By Mark DeWolf
National President Canadian Association of Professional Sommeliers, Manager Food & Drink at The Chronicle Herald
Tuscan Wine and Sun
While I live in Halifax, my heart and soul are in Tuscany.
With its relaxed landscape of rolling hills and cypress trees and mixed agriculture of vines and olive trees, nothing says “good living” like Tuscany. Not even Martha Stewart.
Steeped in the history of Renaissance art, and aristocracy, it is here that all things wonderfully Italian come together. It’s no surprise that Tuscany is the heart of both tradition and innovation in Italian wine culture due to the hills between Siena and Florence, a region better known as Chianti Classico.
In the last four decades a period of modernity was ushered in the mid-90s when the portion of International varietals (Cabernet, Merlot) was increased to up to 20 per cent of the blend of Chianti.
Many producers at the time also increased their use of barriques (small barrels). Now, the pendulum has swung back to traditional in terms of the blend and use of oak. The wines themselves are purer, fresher and more modern thanks to better winemaking techniques.
The results can be fantastic.
Traditional Tuscan Wines
A great representation of a wine with a mix of classic- and modern styling is San Fabiano Calcinaia Chianti Classico (Nova Scotia: NSLC, $26.98). San Fabiano Calcinaia Gran Selezione is also available in Ontario (LCBO, $42.95).
I may be biased as Caparzo Winery near Montalcino in Southern Tuscany is my home away from home.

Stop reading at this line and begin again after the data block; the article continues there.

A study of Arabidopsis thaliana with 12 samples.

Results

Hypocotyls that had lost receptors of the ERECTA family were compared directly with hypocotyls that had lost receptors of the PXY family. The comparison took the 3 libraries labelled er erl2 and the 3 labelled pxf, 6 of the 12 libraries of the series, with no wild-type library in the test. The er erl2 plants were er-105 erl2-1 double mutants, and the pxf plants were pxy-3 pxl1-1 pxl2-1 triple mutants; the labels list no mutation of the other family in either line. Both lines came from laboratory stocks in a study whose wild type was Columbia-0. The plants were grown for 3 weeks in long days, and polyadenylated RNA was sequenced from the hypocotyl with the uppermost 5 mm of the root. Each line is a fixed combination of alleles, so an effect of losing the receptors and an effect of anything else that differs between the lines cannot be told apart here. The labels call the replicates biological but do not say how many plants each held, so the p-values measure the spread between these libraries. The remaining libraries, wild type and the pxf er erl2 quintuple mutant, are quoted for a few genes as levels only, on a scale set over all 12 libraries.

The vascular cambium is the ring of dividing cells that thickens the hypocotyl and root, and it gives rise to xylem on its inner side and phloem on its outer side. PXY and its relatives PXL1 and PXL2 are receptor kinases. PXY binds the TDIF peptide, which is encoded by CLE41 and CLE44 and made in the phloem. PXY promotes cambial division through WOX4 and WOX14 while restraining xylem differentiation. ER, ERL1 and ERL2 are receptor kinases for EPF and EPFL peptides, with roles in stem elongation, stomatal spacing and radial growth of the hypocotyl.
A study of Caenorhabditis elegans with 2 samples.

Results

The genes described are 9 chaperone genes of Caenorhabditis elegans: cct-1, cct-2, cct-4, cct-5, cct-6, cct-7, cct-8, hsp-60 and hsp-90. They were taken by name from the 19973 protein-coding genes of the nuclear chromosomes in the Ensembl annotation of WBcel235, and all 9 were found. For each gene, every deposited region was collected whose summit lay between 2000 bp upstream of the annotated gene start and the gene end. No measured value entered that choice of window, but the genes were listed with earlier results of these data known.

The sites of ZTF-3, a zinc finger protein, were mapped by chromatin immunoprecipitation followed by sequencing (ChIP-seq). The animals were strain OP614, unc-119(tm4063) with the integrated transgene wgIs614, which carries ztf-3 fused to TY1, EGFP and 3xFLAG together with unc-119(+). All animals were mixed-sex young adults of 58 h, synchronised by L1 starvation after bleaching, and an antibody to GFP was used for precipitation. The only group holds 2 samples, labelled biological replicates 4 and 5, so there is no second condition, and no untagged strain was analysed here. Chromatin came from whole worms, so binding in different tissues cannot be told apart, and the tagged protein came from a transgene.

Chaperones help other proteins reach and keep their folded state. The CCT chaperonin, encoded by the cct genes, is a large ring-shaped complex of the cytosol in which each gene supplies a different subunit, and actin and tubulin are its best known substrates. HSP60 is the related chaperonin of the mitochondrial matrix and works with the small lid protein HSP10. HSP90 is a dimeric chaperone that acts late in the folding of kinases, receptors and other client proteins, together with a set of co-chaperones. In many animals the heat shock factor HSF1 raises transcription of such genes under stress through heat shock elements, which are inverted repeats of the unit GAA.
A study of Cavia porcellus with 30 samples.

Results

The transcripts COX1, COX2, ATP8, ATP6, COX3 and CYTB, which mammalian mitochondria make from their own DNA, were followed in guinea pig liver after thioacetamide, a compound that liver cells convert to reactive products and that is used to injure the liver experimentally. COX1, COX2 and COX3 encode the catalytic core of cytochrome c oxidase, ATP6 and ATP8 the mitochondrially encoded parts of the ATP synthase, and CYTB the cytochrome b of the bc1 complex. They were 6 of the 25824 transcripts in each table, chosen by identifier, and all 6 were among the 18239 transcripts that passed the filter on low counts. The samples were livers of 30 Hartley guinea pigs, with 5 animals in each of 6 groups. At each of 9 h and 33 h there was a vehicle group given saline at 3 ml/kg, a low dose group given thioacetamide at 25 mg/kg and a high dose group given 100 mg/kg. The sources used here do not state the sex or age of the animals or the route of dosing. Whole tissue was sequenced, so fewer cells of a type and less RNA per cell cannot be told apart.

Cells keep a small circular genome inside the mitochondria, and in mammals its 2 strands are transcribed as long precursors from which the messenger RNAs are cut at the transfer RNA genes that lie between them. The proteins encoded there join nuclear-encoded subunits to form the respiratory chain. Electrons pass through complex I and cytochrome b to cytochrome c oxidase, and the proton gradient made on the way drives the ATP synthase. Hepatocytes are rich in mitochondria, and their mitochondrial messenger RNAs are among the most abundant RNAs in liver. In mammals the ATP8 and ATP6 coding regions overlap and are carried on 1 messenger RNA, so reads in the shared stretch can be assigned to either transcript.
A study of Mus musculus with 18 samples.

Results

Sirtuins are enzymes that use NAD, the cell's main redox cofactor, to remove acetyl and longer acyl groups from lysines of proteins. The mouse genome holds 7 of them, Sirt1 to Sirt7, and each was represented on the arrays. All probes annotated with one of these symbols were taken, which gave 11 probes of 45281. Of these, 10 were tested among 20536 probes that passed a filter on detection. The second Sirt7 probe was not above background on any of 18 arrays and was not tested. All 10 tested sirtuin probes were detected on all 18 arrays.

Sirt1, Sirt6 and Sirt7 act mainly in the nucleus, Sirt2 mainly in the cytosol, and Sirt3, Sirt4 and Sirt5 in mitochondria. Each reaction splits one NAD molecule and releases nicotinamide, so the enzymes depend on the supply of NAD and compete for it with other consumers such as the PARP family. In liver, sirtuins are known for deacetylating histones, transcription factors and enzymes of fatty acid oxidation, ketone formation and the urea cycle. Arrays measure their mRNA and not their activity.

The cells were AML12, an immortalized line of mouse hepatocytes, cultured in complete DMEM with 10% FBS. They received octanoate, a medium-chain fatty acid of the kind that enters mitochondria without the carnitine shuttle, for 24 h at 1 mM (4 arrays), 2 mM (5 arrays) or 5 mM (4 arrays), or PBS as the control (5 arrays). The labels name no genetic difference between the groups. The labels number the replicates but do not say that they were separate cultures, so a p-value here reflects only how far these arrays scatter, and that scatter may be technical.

Often, I bring groups to stay in a villa overlooking its vineyards. I love the wines of this hilltop town. These 100 per cent Sangiovese wines which must be aged for 4 years before release. They are ethereal, savoury, rich and well-structured.
One of my go-to Brunellos is Caparzo Brunello di Montalcino (Nova Scotia: Bishop’s Cellar $55.00/Ontario: LCBO, $49.95).
The 2013 Caparzo Brunello di Montalcino was given the #17 spot on Wine Spectator’s 2018 List of the Top 100 Wines of the Year.
The last time I tasted this wine it delivered on its promise of classicism. This is an elegant Brunello, made from 100% Sangiovese and aged only in large old barrels; no barrique. It showcased the coolness of the vintage, with lots of cherry fruit and savoury, herbal tones.
Non-Traditional Super Tuscans
Of course, much of the hoopla around Tuscan wines is centered on the non-traditional Super-Tuscans (containing varying amounts of non-traditional Cabernets, Merlot, Syrah, etc.) as it is for its great semi-traditional Chiantis, Brunellos, and other faithfully Sangiovese-based reds. The driving force behind the movement was Piero Antinori.
His launch of Tignanello in the early 1970s – on the heels of Sassicaia’s rise to fame – helped to propel the non-classic wines of Tuscany to international stardom.
At our recent tasting we sampled his 2016 Antinori Villa Rosso (Nova Scotia: NSLC, $32.79/Ontario: LCBO, $26.30), a mix of Cabernet, Sangiovese and Petit Verdot. It was the perfect modernist style with lots of polished red fruit, vanilla-like oak notes and soft tannins.
What would a good wine tasting be without a show stopper? Our final wine was the Castiglione del Bosco Prima Pietra (Nova Scotia: The Port by the NSLC, $64.81) made from grapes (Merlot, Cabernet Sauvignon, Cabernet Franc and Petit Verdot) sourced from the clay and fossil-rich soils of their vineyard which sits on a hill overlooking the Tuscan coast. The grapes for the wine are grown using organic and biodynamic methods and undoubtedly with care and attention to detail. The wine itself was dense and rich, showing lots of pure fruit flavours, complimented by mineral-edged notes and a powerful finish. Enjoy this wine with grilled T-Bone steak – it would make for a ‘delicioso’ combination.
The Prima Pietra is not available in Ontario, but the stunning Castiglione del Bosco Campo del Drago Brunello di Montalcino (Ontario: LCBO Vintages, $114.00) is.